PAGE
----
Opera House, Stuttgart
July 20, 2018
Reid Anderson admits that John Cranko’s Ongein is one of his favourite ballets, so its inclusion in the week of celebration that marks the long-standing director’s retirement is hugely appropriate. It’s also a wonderfully told story, with characters deeply drawn. Perhaps most importantly, Cranko gets to the heart of every dramatic moment. It’s a great ballet, full of great dance but more than that, it’s great theatre.
Jason Reilly is a supremely arrogant, calculating Onegin, a man full of himself; a man you love to hate. Although he falls into his duel with Lensky by accident, which you feel he really did want to call off, one senses that, when it comes to Tatiana and Olga, he knows exactly what he is doing. When he rips up Tatiana’s letter to him, it’s without any sense that he might just be responsible for what has happened and how she feels. She does, of course, eventually get her own back.
Hyo-Jung Kang is superb as the bookish, sensitive, rather quiet girl that is Tatiana. There is something about her big eyes. They sort of let you into the sense of wonder she experiences, initially not quite understanding her feelings for the mysterious man that has walked into her life, and that will change it forever. As he infatuation for him slowly grows, sits as though she grows, her dance vertical as if she wants to fly. In contrast, he responds with a series of long brooding lunges.
The pair really draw you into the bedroom pas de deux in Act I. It is their only real love scene, although the Onegin who steps from the mirror is, of course, the Onegin of her dreams and imagination, not the real man; as she is to find out. Her body trembling with emotions, she throws herself at him and he responds in kind.
Kang’s transformation into a mature lady of society, now married to Roman Novitzky’s handsome Princess Gremin is fully believable.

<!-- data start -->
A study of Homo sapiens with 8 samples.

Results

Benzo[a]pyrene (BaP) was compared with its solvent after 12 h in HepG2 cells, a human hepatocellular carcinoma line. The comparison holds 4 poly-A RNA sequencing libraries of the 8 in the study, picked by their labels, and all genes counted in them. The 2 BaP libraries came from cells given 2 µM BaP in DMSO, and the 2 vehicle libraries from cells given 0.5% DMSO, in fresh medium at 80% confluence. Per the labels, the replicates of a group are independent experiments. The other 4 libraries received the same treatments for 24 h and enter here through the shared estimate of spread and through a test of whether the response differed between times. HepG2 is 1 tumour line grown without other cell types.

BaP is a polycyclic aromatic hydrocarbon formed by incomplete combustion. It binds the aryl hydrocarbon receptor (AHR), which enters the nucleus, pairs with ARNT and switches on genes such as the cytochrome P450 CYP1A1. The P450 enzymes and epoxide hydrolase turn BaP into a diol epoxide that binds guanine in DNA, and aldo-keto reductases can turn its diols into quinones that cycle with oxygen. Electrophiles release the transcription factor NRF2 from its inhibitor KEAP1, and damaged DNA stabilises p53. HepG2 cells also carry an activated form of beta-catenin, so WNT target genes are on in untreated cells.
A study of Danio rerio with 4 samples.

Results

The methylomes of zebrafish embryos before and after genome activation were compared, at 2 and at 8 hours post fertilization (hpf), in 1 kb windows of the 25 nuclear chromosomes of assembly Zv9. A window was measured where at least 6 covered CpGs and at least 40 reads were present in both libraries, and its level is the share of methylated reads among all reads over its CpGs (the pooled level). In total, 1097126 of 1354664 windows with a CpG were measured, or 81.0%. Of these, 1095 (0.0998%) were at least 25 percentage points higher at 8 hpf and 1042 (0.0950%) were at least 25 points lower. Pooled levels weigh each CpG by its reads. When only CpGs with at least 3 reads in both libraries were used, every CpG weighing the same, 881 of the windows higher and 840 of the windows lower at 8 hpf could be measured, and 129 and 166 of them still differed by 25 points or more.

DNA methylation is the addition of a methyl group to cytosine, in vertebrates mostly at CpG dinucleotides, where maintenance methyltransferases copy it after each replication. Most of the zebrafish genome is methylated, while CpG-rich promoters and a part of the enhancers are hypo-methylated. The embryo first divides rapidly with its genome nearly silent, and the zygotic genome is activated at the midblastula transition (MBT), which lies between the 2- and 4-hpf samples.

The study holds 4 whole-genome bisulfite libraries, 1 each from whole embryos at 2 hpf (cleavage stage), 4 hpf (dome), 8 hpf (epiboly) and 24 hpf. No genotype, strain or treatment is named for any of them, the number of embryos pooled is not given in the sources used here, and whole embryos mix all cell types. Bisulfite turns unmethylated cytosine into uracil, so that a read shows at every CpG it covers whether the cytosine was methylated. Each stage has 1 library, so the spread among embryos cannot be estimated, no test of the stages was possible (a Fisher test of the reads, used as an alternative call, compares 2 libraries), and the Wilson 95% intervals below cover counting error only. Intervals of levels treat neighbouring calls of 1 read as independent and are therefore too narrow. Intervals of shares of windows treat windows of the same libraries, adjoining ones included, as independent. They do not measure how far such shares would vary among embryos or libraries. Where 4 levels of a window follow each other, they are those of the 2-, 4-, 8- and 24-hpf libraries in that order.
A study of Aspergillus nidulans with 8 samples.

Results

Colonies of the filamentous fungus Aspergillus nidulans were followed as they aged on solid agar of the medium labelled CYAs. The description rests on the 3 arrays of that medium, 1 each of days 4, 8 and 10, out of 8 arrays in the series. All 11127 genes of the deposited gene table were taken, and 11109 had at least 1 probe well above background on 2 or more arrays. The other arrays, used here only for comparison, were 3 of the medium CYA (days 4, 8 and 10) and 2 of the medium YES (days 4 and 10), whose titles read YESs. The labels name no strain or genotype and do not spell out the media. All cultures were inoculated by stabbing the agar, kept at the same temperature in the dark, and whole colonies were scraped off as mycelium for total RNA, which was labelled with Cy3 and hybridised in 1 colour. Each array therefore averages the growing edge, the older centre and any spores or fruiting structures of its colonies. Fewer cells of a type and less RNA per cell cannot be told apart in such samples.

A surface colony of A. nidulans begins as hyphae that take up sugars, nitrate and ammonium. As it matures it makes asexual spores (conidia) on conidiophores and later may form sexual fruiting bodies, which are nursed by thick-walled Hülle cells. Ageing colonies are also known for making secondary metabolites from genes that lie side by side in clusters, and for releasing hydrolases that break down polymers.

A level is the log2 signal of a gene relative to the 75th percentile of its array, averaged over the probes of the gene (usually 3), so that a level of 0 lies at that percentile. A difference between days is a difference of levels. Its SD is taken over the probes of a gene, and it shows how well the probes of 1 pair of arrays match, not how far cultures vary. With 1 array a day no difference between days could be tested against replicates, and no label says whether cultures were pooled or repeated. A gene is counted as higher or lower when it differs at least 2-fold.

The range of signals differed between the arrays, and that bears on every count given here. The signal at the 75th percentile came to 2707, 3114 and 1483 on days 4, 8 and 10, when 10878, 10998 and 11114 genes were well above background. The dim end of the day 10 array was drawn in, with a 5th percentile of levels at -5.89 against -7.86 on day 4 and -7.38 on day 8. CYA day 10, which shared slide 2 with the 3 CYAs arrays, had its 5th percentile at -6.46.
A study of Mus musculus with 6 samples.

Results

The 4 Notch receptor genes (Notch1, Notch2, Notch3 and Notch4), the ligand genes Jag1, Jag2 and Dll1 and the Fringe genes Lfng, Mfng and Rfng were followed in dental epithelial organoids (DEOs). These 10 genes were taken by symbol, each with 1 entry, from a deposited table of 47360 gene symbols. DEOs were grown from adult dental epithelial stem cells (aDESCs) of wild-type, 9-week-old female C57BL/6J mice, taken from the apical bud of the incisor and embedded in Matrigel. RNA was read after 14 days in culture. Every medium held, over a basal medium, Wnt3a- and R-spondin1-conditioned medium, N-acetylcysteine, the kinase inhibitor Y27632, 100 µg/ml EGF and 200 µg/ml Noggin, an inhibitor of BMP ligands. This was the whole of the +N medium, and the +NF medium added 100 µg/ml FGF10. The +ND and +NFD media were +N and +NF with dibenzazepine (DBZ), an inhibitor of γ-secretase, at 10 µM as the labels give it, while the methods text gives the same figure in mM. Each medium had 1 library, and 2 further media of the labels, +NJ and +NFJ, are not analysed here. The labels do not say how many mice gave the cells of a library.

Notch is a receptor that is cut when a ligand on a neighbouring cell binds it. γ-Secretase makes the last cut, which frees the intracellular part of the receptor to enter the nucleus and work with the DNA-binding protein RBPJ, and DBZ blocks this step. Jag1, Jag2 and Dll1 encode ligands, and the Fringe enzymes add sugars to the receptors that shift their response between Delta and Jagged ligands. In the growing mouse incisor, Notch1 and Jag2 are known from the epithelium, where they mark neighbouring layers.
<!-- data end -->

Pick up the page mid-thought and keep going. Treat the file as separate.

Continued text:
I’ve never seen the conclusion as tragic. Onegin deserves everything he gets, and Tatiana gives it to him in spades, reversing roles, ripping up his letter and placing the shreds in his hands, just as he did to her. Her had it coming.
Could there be a better Olga than Elisa Badenes? Happy, carefree, extrovert and totally in love with her fiancée Lensky, played by the handsome David Moore. True, she too lets herself be swayed by Onegin, but it’s as if she is just playing with him as he is with her. For Lensky, it was like a red rag to a bull. Moore gave us a powder keg of pent up anger, which sure enough finally exploded.
Cranko’s characterisations go beyond the leads. At the ball in particular there are any number of small moments, many lightly humorous. The is some elegant choreography for the ensemble in the ballroom too, and some fine folk-dance influence work in the garden in Act I.
There were impressive sights off stage too. It’s common practice in Stuttgart for dancers, often still in costume, to sign programmes, calendars, books and so on during intervals. It’s a lesson in audience relations that British companies could learn a lot from. On this evening it was Anderson holding the pen, willing chatting to anyone and everyone as he signed away. Getting near the table was another matter, such was the enormous throng.
Good news for ballet lovers is that Cranko’s Onegin has been filmed, and it’s hoped that the DVD will be available by the end of 2018. His Romeo and Juliet is also ‘in the can’ and goes on cinema release in Germany this week. There’s no news yet of a UK release date, although, again, it is hoped a DVD will be available soon.